The weather forecast was weird. It was supposed to be hot, as is normal for this ride (I’ve never done it with a finishing temp below the upper 80’s – call it 28 C), but remain cloudy for much of the later miles with rain rolling in after 3pm – plenty of time for us to get done and get gone.
For those who follow me on Strava, I track certain rides on my phone because I’ve yet to pick up a Garmin so time gets added to my rides when I’m walking at a rest stop – my app picked up a 19.7 average while my computer showed two tenths more miles (I almost forgot to start the app) and a moving time of 4:55:45, a 20.3-mph average. Let’s face it, six tenths isn’t much, but 20.3 for 100 miles is a lot sexier than 19.7 – especially when you figure we only had five guys.
Anyway, getting back to what’s important, it shouldn’t be surprising with a name like One Helluva Ride that rolls through Hell, Michigan, we haven’t had much luck in completing the ride. We’d cut it short the last three or four years – and that’s not a bad thing. By the time we get to lunch, it’s so miserably hot that when one guy suggests cutting it short, the rest crumble in seconds.
Death by 3% Hills
Not literally dead, like “my heart was literally beating out of my chest”, one of the dumbest sentences I’ve ever heard spoken in a commercial. No, it literally wasn’t. You’d be dead, sweetheart – and none of our group died because of little, tiny 3% hills. By the time mile 98 flashed on the computer, though, we’d seen enough. The point is, there were a lot of little, baby hills and rough pavement that it was torturous on the feet. If by torturous you mean awesomely painful, yet not really torture, because it’s a bike ride, dude. In the scheme of things, that’s my kind of torture.
The Winston Wildcard
We had my friend, Winston with us. He’s about eight inches shorter than me and you would have to sit a 40 lb bag of salt on his lap for him to get an idea of what it’s like to be me, climbing a hill. He pulled, averaging north of 21 mph, for the first fourteen miles. When Winston’s riding, it’s gonna be fast. The dude is freaking strong – and a great guy to be around. With just five miles to go, I was hurting. Bad. I was struggling to stay on at the back and I just wanted to get off my bike. I was “stick a fork in me” done, so I told my friends I was slipping off the back, that I’d see them soon enough. Here comes Winston back after me, and he says, “I’m not going to leave you back here with only a few miles to go, now come on… Let’s get it done.” He pulled me back to Chuck and Mike and the four of us cruised it in – if you can call north of 20-mph “cruising”.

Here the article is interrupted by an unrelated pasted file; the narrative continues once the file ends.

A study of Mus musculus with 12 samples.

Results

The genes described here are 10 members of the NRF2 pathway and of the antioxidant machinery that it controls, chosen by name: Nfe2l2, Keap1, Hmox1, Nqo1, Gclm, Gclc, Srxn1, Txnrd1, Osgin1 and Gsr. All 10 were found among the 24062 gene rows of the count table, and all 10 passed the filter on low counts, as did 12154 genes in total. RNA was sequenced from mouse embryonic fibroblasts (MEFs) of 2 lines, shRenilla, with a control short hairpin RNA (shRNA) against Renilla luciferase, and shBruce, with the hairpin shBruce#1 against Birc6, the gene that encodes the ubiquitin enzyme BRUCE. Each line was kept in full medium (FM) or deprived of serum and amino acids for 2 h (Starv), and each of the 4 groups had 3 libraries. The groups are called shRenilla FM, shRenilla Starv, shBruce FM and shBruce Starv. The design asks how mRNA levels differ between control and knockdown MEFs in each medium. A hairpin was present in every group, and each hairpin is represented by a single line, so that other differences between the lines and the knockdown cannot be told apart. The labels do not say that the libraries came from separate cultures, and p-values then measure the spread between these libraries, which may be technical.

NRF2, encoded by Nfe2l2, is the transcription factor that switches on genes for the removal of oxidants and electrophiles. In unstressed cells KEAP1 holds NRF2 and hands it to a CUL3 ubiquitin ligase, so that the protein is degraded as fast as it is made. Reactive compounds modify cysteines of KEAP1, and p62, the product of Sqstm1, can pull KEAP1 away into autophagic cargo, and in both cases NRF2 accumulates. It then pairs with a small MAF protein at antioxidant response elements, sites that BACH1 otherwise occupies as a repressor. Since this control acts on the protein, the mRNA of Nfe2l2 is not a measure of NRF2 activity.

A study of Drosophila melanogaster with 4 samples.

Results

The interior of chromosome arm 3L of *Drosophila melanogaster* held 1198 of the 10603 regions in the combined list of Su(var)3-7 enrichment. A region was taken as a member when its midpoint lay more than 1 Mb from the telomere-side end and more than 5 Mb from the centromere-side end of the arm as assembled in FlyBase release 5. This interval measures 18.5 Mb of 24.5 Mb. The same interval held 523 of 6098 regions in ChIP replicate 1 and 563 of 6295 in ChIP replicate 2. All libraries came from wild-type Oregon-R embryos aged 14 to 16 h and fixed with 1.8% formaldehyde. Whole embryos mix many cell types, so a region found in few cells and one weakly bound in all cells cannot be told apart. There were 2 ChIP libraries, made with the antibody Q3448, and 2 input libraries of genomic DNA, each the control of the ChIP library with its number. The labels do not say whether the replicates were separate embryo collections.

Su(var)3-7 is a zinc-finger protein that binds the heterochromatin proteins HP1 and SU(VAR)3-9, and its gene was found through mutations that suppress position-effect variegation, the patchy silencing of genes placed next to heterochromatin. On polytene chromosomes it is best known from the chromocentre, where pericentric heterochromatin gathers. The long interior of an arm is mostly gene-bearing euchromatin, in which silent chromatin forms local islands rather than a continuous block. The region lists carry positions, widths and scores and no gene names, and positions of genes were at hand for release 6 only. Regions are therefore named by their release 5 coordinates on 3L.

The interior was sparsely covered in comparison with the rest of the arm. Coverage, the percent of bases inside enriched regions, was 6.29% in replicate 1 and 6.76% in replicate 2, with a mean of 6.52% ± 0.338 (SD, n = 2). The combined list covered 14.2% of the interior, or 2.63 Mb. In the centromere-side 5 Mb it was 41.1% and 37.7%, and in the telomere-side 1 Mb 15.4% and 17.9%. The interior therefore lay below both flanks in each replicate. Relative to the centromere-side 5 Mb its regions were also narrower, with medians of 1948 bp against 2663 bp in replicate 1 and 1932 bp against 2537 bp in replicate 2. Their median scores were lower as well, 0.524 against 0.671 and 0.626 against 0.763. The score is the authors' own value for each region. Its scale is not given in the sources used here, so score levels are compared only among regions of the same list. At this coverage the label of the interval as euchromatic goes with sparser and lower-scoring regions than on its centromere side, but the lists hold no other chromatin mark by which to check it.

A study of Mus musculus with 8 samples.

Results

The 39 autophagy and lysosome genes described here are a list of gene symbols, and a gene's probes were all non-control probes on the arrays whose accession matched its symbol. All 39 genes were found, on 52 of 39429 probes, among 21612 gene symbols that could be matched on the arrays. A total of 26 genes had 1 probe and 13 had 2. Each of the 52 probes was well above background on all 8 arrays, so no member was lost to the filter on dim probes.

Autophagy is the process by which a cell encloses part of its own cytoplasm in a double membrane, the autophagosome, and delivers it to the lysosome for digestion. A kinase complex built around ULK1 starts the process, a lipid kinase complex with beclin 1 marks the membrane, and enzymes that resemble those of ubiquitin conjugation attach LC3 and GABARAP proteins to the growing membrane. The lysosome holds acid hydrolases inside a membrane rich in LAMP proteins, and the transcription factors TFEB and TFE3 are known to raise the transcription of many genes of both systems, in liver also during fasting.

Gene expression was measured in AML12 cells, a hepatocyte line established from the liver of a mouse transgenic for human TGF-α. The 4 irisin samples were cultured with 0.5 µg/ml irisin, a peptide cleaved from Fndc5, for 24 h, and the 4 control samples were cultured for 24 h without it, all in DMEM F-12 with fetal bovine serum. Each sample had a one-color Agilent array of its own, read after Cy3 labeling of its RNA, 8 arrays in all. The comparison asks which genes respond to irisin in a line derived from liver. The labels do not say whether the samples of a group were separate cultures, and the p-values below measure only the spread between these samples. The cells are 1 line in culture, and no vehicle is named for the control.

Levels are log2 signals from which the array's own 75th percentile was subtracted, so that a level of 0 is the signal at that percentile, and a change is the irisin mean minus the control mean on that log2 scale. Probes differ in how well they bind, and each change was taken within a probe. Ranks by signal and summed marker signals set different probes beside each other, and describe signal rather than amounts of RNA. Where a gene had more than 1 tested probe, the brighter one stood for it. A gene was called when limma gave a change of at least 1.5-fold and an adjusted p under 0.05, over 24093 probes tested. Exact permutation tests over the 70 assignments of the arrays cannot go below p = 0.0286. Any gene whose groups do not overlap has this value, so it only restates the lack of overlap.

So with that, we set our bikes on the nearby rack and headed over to the watermelon booth, where they served the most delectable watermelon wedges I’ve ever eaten. Every year, the watermelon at the end is one of the most talked about parts of the ride. They chill it to a perfect 40-ish degrees, slice it up, and line it up on the table for famished riders to eat. I had four wedges and almost filled up on watermelon. Those of you who eat it, know how much you have to eat to “fill up” on watermelon. It’s a lot, but it’s so good!
There are those scenic rides, like the Northwest Tour, where you want to slow the pace down to look around and take in the beauty of seeing the land from a saddle. OHOAR isn’t one of those. There isn’t a lot to look at (though it’s vastly better than the Tee-shirt Ride – woof!). One Helluva Ride is one of those, “put your head down and let’s hammer this out” rides where you want to see how fast you can get around the 100 mile course, while exploring just how close to heat stroke you can get while doing it.
With today left to run up my weekly mileage total, I’m sitting on 225 miles… Just 14 days into the month, I’m sitting on 583 (that should be close to 640 after today, midway through the month) and, for the year, I’ve already surpassed my total mileage for all of 2012 with 5,388. Truthfully, this has been one helluva year. I can say that I’ve had happier moments, obviously, but overall, this has been one great year. I’m having more fun than politicians would normally allow. It just isn’t fair for one guy to enjoy life so much, to horde all of that happy. They’d have to knock me down a few pegs and share some of my happiness with others, you know, to spread the happy.